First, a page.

River ecosystems are highly biodiverse, influence global biogeochemical cycles, and provide valued services. However, humans are increasingly degrading fluvial ecosystems by altering their streamflows. Effective river restoration requires advancing our mechanistic understanding of how flow regimes affect biota and ecosystem processes. Here, we review emerging advances in hydroecology relevant to this goal. Spatiotemporal variation in flow exerts direct and indirect control on the composition, structure, and dynamics of communities at local to regional scales. Streamflows also influence ecosystem processes, such as nutrient uptake and transformation, organic matter processing, and ecosystem metabolism. We are deepening our understanding of how biological processes, not just static patterns, affect and are affected by stream ecosystem processes. However, research on this nexus of flow-biota-ecosystem processes is at an early stage. We illustrate this frontier with evidence from highly altered regulated rivers and urban streams. We also identify research challenges that should be prioritized to advance process-based river restoration.

Caenorhabditis elegans is an animal with few cells but a wide diversity of cell types. In this study, we characterize the molecular basis for their specification by profiling the transcriptomes of 86,024 single embryonic cells. We identify 502 terminal and preterminal cell types, mapping most single-cell transcriptomes to their exact position in C. elegans’ invariant lineage. Using these annotations, we find that (i) the correlation between a cell’s lineage and its transcriptome increases from middle to late gastrulation, then falls substantially as cells in the nervous system and pharynx adopt their terminal fates; (ii) multilineage priming contributes to the differentiation of sister cells at dozens of lineage branches; and (iii) most distinct lineages that produce the same anatomical cell type converge to a homogenous transcriptomic state.

Carbon allotropes built from rings of two-coordinate atoms, known as cyclo[n]carbons, have fascinated chemists for many years, but until now they could not be isolated or structurally characterized because of their high reactivity. We generated cyclo[18]carbon (C18) using atom manipulation on bilayer NaCl on Cu(111) at 5 kelvin by eliminating carbon monoxide from a cyclocarbon oxide molecule, C24O6. Characterization of cyclo[18]carbon by high-resolution atomic force microscopy revealed a polyynic structure with defined positions of alternating triple and single bonds. The high reactivity of cyclocarbon and cyclocarbon oxides allows covalent coupling between molecules to be induced by atom manipulation, opening an avenue for the synthesis of other carbon allotropes and carbon-rich materials from the coalescence of cyclocarbon molecules.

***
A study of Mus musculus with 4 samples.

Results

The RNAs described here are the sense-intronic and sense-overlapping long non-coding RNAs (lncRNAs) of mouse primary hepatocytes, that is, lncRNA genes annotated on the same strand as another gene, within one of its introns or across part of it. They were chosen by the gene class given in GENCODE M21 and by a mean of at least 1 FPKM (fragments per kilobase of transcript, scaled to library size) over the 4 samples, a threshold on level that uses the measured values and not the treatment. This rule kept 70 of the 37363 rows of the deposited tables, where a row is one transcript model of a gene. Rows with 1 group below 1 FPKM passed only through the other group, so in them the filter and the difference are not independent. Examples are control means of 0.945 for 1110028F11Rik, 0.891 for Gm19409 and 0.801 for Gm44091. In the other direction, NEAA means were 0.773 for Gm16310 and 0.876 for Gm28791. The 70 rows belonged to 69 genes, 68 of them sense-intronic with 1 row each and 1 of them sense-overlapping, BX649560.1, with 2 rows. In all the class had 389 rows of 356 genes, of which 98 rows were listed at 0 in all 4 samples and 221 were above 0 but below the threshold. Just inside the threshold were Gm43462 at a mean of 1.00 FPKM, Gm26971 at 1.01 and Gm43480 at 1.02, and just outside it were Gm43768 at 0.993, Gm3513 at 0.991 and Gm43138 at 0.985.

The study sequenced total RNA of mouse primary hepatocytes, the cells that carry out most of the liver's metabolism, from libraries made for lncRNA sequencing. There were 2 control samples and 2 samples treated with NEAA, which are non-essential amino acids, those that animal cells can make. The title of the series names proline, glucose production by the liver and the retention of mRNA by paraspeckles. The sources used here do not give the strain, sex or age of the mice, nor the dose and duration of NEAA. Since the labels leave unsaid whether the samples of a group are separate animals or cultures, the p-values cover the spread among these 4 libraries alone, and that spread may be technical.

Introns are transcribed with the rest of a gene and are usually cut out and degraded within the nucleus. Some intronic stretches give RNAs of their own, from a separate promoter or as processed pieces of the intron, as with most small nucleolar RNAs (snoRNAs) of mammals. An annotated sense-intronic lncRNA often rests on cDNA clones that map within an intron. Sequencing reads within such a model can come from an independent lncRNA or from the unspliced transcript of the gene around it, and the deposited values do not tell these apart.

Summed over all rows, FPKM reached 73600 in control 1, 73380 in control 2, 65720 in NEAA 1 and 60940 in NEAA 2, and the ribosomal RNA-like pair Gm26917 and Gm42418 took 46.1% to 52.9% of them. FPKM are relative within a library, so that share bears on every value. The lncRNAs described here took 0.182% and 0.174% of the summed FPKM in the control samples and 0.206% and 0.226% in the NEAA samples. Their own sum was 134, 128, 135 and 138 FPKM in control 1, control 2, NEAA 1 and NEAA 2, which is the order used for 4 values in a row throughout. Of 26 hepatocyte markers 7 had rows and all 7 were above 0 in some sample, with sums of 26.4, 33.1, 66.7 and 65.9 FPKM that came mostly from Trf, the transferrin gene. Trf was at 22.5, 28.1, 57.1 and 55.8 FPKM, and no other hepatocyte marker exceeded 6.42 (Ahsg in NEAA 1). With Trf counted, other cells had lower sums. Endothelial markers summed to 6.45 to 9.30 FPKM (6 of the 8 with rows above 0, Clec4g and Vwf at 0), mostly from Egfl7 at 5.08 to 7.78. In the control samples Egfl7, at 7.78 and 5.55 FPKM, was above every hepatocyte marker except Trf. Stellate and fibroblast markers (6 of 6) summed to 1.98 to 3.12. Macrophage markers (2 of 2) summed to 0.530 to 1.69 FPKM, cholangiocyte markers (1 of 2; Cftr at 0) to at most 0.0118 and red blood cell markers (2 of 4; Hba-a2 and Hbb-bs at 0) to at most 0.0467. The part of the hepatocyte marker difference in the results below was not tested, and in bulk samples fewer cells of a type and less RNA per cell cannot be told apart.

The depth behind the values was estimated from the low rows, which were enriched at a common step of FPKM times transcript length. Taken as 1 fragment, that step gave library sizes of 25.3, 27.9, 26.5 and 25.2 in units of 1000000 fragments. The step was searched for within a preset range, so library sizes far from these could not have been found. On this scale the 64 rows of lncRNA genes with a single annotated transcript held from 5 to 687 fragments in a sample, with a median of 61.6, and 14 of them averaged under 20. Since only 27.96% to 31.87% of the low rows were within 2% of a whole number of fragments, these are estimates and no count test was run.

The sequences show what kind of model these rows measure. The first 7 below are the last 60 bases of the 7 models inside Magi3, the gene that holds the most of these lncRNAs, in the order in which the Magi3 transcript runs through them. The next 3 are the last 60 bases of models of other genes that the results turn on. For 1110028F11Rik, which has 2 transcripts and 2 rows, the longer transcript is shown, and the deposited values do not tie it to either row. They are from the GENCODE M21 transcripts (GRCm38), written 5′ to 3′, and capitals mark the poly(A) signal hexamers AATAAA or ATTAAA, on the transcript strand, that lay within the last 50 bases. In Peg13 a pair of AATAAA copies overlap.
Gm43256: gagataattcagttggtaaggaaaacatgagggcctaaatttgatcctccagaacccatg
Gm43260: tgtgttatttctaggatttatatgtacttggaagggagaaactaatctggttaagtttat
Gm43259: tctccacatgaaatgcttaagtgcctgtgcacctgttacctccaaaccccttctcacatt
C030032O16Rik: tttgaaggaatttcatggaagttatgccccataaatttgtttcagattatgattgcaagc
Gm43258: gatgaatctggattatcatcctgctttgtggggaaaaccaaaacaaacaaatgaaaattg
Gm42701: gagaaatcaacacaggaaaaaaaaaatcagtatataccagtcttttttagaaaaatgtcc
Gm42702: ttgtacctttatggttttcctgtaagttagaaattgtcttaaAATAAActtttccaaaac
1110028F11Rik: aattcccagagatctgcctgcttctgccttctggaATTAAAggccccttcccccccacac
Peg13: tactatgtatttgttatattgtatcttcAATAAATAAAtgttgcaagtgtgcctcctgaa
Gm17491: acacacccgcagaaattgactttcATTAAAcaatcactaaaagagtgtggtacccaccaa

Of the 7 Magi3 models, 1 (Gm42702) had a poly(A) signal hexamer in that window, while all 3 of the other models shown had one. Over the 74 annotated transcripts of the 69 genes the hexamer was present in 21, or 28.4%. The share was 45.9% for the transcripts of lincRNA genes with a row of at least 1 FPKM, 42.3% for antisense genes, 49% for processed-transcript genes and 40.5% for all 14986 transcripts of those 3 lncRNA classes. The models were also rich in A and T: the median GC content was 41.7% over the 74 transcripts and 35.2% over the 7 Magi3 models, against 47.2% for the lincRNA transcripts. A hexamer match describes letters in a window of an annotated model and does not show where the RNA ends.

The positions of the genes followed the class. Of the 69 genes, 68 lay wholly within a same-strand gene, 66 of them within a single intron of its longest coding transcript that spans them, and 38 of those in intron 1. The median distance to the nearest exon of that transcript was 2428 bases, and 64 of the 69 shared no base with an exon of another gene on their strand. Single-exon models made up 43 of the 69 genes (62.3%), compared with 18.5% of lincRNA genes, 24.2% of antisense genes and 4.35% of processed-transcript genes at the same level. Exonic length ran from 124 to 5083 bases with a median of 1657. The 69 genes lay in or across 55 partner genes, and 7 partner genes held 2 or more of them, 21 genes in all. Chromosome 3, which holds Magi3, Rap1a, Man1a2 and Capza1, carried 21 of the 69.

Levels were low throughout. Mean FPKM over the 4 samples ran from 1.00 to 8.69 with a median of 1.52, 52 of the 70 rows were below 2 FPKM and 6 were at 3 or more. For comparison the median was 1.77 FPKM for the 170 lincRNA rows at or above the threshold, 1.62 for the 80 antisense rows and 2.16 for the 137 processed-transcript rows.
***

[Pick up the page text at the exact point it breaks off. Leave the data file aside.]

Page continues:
Botsyun et al. (Research Articles, 1 March 2019, eaaq1436) have suggested that the Tibetan Plateau was low (substantially less than 3000 meters) during the Eocene, based on a comparison of oxygen isotope proxy data with isotope-enabled climate model simulations. However, we contend that their conclusions are flawed as the result of a number of failings of both the modeling and the data comparison.

We report a robust, versatile approach called CRISPR live-cell fluorescent in situ hybridization (LiveFISH) using fluorescent oligonucleotides for genome tracking in a broad range of cell types, including primary cells. An intrinsic stability switch of CRISPR guide RNAs enables LiveFISH to accurately detect chromosomal disorders such as Patau syndrome in prenatal amniotic fluid cells and track multiple loci in human T lymphocytes. In addition, LiveFISH tracks the real-time movement of DNA double-strand breaks induced by CRISPR-Cas9–mediated editing and consequent chromosome translocations. Finally, by combining Cas9 and Cas13 systems, LiveFISH allows for simultaneous visualization of genomic DNA and RNA transcripts in living cells. The LiveFISH approach enables real-time live imaging of DNA and RNA during genome editing, transcription, and rearrangements in single cells.

Topological matter is known to exhibit unconventional surface states and anomalous transport owing to unusual bulk electronic topology. In this study, we use photoemission spectroscopy and quantum transport to elucidate the topology of the room temperature magnet Co2MnGa. We observe sharp bulk Weyl fermion line dispersions indicative of nontrivial topological invariants present in the magnetic phase. On the surface of the magnet, we observe electronic wave functions that take the form of drumheads, enabling us to directly visualize the crucial components of the bulk-boundary topological correspondence. By considering the Berry curvature field associated with the observed topological Weyl fermion lines, we quantitatively account for the giant anomalous Hall response observed in this magnet. Our experimental results suggest a rich interplay of strongly interacting electrons and topology in quantum matter.